Florida - Drug Testing for Welfare

A law has been in effect in Florida since July 1 that requires welfare recipients to pass a drug test in order to receive benefits. Applicants pay for the test themselves and are reimbursed if they test negative. Since the law took effect, approximately 2.5% of applicants have popped positive, with another 2% declining the test, therefore making themselves ineligible for benefits.

This past month, the ACLU filed a lawsuit on behalf of Luis Lebron, who declined the test when attempting to apply for welfare benefits. The ACLU’s claim is that the drug test constitutes an unreasonable search and is therefore a violation of the 4th Amendment and unconstitutional.
Truly, the central question is whether it’s reasonable to expect tax dollars only be used to support unemployed people who are clean. Let’s ignore the fact that the ACLU hates America and that very few people understand the Constitution as it was written. You are not protected from searches and seizures – you are protected from unreasonable searches and seizures. This is why they can x-ray scan you in the airport. There’s a reasonable expectation they’re trying to keep everybody safe, and you can take the train or bus if you’d rather.

So, is it reasonable to drug test welfare recipients? A few points to consider:
1)      I had to pass a drug test before I could be a HOSTESS at a Marriott – and then I had to WORK to get the money.

2)      Men and women in uniform are subjected to drug tests at random and risk their careers if they fail.

3)      If you work for the federal government, you may be subjected to drug testing.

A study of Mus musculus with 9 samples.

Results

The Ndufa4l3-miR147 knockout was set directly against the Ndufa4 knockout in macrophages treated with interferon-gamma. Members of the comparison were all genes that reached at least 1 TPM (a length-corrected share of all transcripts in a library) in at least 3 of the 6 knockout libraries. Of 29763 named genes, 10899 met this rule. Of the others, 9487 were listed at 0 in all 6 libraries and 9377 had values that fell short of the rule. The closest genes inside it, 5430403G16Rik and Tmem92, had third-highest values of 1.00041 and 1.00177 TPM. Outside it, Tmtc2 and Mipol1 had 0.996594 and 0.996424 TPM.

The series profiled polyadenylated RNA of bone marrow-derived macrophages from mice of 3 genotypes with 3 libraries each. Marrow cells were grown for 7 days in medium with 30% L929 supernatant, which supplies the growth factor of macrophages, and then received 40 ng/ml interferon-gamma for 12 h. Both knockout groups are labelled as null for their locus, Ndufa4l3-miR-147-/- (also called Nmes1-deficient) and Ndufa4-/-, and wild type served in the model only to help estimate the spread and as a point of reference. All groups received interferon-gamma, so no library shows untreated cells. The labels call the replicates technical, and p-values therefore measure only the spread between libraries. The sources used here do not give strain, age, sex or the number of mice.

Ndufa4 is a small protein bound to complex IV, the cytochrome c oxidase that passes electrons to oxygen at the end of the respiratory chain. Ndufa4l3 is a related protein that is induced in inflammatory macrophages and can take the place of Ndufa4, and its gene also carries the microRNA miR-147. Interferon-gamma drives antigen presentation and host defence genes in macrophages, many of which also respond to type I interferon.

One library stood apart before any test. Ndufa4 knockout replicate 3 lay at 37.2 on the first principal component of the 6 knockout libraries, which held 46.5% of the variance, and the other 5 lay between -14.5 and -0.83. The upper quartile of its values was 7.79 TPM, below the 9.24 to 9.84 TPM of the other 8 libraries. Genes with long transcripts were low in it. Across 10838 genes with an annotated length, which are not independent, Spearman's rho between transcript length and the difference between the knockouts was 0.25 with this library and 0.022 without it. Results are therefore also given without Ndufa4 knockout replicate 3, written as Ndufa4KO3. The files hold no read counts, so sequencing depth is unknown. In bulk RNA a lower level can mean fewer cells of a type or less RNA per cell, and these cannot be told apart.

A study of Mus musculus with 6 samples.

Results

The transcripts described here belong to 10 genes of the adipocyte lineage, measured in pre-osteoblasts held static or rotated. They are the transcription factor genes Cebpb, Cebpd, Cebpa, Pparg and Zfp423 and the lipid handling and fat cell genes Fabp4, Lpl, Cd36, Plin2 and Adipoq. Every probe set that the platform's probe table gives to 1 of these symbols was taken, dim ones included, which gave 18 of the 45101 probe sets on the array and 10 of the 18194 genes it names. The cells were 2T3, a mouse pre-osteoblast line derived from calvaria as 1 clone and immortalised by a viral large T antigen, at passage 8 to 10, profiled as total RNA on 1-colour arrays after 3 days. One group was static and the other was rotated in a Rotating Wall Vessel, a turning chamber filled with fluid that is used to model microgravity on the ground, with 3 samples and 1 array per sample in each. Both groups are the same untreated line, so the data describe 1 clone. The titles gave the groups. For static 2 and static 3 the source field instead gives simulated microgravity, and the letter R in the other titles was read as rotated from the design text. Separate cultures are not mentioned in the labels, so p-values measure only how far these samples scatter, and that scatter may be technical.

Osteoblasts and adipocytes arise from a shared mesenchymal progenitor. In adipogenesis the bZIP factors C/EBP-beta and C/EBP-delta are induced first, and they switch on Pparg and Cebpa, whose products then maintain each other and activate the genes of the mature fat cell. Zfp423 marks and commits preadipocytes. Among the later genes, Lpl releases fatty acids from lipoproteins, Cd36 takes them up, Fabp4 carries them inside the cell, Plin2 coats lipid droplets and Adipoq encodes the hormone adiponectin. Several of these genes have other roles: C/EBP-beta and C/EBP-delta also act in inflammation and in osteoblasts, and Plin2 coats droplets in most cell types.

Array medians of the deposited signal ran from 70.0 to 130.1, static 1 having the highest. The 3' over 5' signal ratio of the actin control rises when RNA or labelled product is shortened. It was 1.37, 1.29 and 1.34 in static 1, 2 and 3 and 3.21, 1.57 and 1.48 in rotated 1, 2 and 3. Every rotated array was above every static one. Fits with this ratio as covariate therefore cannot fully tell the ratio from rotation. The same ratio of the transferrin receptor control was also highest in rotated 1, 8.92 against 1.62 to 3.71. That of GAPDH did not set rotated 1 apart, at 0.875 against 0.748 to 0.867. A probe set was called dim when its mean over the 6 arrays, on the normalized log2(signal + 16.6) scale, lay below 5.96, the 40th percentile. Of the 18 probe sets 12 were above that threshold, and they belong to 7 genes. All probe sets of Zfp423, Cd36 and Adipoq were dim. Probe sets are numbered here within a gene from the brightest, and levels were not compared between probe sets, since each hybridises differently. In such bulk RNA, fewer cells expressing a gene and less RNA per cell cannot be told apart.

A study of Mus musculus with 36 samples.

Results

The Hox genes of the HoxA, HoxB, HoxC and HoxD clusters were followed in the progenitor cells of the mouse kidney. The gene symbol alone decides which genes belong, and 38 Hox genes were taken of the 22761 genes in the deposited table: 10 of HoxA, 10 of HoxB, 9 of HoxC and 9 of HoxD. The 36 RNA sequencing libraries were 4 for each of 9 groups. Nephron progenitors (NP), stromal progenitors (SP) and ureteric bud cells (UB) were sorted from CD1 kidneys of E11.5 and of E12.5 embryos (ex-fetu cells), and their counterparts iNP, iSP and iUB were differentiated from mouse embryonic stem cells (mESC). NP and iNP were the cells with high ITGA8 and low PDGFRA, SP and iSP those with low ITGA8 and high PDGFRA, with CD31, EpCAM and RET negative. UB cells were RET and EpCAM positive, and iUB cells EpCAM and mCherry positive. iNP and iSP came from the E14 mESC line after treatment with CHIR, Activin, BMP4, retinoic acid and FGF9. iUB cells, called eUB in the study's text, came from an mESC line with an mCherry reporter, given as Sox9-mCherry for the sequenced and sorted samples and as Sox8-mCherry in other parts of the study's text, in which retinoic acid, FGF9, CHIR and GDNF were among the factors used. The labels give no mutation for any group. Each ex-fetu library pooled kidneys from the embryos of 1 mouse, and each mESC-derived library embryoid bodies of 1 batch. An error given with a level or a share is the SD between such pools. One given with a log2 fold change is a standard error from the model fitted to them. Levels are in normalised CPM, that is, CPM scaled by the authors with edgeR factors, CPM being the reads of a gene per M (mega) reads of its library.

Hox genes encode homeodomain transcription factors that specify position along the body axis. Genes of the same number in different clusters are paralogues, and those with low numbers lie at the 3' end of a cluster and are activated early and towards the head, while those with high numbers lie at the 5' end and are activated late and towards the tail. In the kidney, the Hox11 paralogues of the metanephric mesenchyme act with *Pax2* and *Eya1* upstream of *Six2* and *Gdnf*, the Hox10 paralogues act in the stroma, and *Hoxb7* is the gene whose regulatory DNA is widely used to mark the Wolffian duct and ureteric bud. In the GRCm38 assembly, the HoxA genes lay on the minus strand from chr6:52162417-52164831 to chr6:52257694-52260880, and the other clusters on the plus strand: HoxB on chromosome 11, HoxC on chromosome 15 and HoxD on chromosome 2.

I would argue yes, it is perfectly reasonable to drug test welfare recipients. People who work for a living and are paid with tax dollars are subjected to drug testing, so why shouldn’t those who collect tax dollars without working for it be subjected to drug testing, as well? If you want to do drugs, go get a job and don’t collect welfare. Or, if you want to collect welfare, stop smoking crack. Nobody is forcing anybody to do anything.
Furthermore, when you put the Constitutional question aside, there are a few other points in favor of the law in Florida.

1)      The program is pretty much paying for itself. Even the cost of reimbursing for drug tests has not turned out to be more than the money saved by the 4.5% of applicants who either fail or decline to test. Florida is saving a little money by not having to pay these people welfare. Maybe they will get out and find a job – they’re going to need a new source of income to fund their drug habit.

2)      I don’t care for the argument that this is a waste of money. I have a moral objection to paying for someone else’s drug habit. I don’t care what you do in the privacy of your own home, but don’t ask me to pay for it with my tax dollars that I have no control over. You want to talk about a waste of money? Go look into the amount that the federal government paid out to illegal aliens in child tax credits last year. How does $1.5 billion sound? Yep, that just happened.